Earlier this year, NASA declared September as the warmest month since modern records began, putting 2016 on track to be the warmest year ever.
If this year has proven anything, it is that predicting the future is a risky business.
2016 has delivered two seismic political surprises: the UK vote to leave the European Union, and Donald Trump being elected as the 45th President of the United States of America.
On both occasions, despite being a two-horse race, the pollsters spectacularly backed the wrong nag. Even the spread-betting markets, which are normally more accurate, could do no better, setting the odds of both a UK exit and a Trump victory at 3/1 against, shortly before voting was due to take place.
Yet, when it comes to financial markets, many investment managers claim to possess the skills of a clairvoyant. Whether it is the general outlook for the economy, which investment market will perform best next quarter, or picking the next Google or Apple stock, active fund managers invest based on their view of the future. Do they get it right? By the simple law of averages and the variety of predicted outcomes, some will defy the odds. The question we ask at Carbon is, do they predict accurately and regularly enough, to overcome their fees and beat their target benchmark?
Disappointingly, the answer to this question is one of the only things which it is easy to predict – no. Time and time again, performance reports show that the significant majority of actively-managed funds fail to achieve their goal. Worryingly, this underperformance is even more pronounced over longer time periods of five or ten years, which means that the longer you hold on to an actively-managed fund, the more likely it will deliver sub-par performance.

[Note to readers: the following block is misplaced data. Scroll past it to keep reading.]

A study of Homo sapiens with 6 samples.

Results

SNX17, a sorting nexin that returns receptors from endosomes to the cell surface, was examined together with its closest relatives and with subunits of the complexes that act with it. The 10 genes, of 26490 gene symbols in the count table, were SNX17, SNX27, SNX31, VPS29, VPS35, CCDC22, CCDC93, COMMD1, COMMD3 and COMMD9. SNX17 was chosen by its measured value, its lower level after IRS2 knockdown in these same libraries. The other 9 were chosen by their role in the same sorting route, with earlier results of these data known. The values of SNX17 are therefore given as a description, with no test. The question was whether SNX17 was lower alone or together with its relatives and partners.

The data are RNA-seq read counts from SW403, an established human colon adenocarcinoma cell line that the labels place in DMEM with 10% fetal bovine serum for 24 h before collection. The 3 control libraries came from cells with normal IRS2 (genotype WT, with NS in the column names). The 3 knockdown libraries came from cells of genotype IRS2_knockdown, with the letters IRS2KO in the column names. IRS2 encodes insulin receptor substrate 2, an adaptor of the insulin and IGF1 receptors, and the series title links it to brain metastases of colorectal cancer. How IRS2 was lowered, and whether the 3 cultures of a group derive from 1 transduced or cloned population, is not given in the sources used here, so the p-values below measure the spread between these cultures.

Our regulator, the Financial Conduct Authority, recently released a 200-page report which criticises the high fees charged by active fund managers and concludes simply, “Our evidence suggests that actively-managed investments do not outperform their benchmark after costs”.
At Carbon, we recommend increasing your odds of success by investing in asset class funds that cost a fraction of their active counterparts. We then apply some science by tilting our portfolios to include a higher proportion of small and value companies because these have a strong track record of earning a higher return than the broad market over the long-term.
In fact, in direct contrast to actively-managed funds, the longer low-cost, asset class investments are held, the more likely they are to succeed.